Trends in Maryland heroin epidemic evident in Salisbury man’s overdose death
Alex Longfellow was an ordinary Salisbury teenager. He went to school, had a girlfriend, and a job.
At age 14, he also smoked marijuana and hid it from his parents, establishing a pattern of secrecy and drug use. However, it was one that they never expected would spiral into what it did – his death at age 22.
“It’s hard to explain just how much all of this has not only affected just my husband and I, but my parents, our oldest son,” says Sharon Longfellow, Alex’s mother. “It’s pretty far reaching.”
When Alex was 18-years-old, he broke his ankle while working construction. Doctors prescribed Vicodin, a powerful painkiller, and Alex got hooked. When the prescription ran out, his parents’ say he turned to a cheaper drug capable of a more intense high, heroin.
He began stealing to pay for his habit, even cashing in his own life insurance policy. Despite three rounds of rehab in November of 2006, he died of an overdose.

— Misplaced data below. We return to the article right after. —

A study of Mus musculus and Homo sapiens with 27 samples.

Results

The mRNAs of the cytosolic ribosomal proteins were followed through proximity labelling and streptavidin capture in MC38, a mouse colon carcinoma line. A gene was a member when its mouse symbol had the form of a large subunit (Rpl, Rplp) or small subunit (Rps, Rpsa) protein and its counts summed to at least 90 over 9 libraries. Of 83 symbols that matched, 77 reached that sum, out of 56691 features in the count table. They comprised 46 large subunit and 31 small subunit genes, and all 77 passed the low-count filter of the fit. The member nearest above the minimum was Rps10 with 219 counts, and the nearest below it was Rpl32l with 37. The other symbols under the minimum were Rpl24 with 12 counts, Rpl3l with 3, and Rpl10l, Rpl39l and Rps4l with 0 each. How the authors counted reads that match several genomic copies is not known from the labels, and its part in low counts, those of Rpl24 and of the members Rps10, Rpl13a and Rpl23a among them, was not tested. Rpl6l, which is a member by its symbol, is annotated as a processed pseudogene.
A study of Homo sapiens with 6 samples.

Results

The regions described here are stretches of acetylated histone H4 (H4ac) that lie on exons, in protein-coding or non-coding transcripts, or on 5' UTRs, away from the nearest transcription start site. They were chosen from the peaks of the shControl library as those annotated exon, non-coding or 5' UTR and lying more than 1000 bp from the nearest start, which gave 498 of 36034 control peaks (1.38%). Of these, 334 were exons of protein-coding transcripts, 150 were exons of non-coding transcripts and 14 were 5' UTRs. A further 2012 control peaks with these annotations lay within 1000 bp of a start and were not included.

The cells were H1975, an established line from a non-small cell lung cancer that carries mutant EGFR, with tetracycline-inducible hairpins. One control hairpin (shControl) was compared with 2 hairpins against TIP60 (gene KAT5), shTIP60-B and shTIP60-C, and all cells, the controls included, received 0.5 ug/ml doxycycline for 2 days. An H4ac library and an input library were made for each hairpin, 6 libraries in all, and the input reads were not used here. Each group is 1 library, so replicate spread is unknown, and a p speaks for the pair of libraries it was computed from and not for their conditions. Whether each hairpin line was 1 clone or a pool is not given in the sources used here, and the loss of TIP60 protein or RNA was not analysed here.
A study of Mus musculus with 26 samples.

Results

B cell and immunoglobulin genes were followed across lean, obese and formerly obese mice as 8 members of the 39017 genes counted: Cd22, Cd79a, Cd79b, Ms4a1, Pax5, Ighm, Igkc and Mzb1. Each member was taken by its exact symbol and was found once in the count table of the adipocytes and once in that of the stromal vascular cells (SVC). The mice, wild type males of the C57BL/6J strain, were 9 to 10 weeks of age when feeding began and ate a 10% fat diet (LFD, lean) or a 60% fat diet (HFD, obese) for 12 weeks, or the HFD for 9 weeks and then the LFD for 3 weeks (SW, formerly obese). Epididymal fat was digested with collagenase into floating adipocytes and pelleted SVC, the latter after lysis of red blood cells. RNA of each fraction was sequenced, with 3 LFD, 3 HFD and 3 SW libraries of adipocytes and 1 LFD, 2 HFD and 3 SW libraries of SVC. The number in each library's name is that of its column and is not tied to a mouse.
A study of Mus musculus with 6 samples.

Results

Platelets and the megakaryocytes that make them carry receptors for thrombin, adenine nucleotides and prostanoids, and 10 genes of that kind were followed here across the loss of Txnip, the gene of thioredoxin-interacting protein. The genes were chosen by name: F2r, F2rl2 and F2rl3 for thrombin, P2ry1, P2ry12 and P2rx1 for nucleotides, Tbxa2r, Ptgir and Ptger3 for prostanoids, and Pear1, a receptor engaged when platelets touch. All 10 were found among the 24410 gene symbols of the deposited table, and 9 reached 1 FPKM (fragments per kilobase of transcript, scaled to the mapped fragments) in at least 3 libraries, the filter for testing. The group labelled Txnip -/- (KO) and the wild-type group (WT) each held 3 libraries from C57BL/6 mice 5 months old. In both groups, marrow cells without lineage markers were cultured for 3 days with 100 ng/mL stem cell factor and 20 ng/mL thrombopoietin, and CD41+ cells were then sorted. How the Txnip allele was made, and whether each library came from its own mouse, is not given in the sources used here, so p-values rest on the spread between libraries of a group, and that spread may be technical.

“We had to ask for money from my parents to bury him, I ended up losing my job of 30 years,” says Sharon. “We’re still financially ruined; we’re still behind on our bills.”
It’s the trend of prescription painkiller abuse becoming heroin abuse that sparked the Heroin and Opioid Emergency Task Force in Maryland back in February.
Dr. Michael Finegan, a clinical psychologist and the only Eastern Shore member of the task force, says making sure all community members are in on the conversation is the biggest part, including families like the Longfellows.’
Another focus, according to Dr. Finegan, is treatment, not only for those behind bars for their drug use, but those who seek help on their own.
“It’s not what we hope would work, not what we want the drug companies to like to work, but really what actually works.”
By starting the conversation, Dr. Finegan hopes the education and awareness will start younger.
The Longfellows’ say they are now doing that with their grandchildren, but they hope those already battling addiction know it’s not too late.
“Be aware that there are going to be extremely painful days, physically and emotionally, but you can work through it.”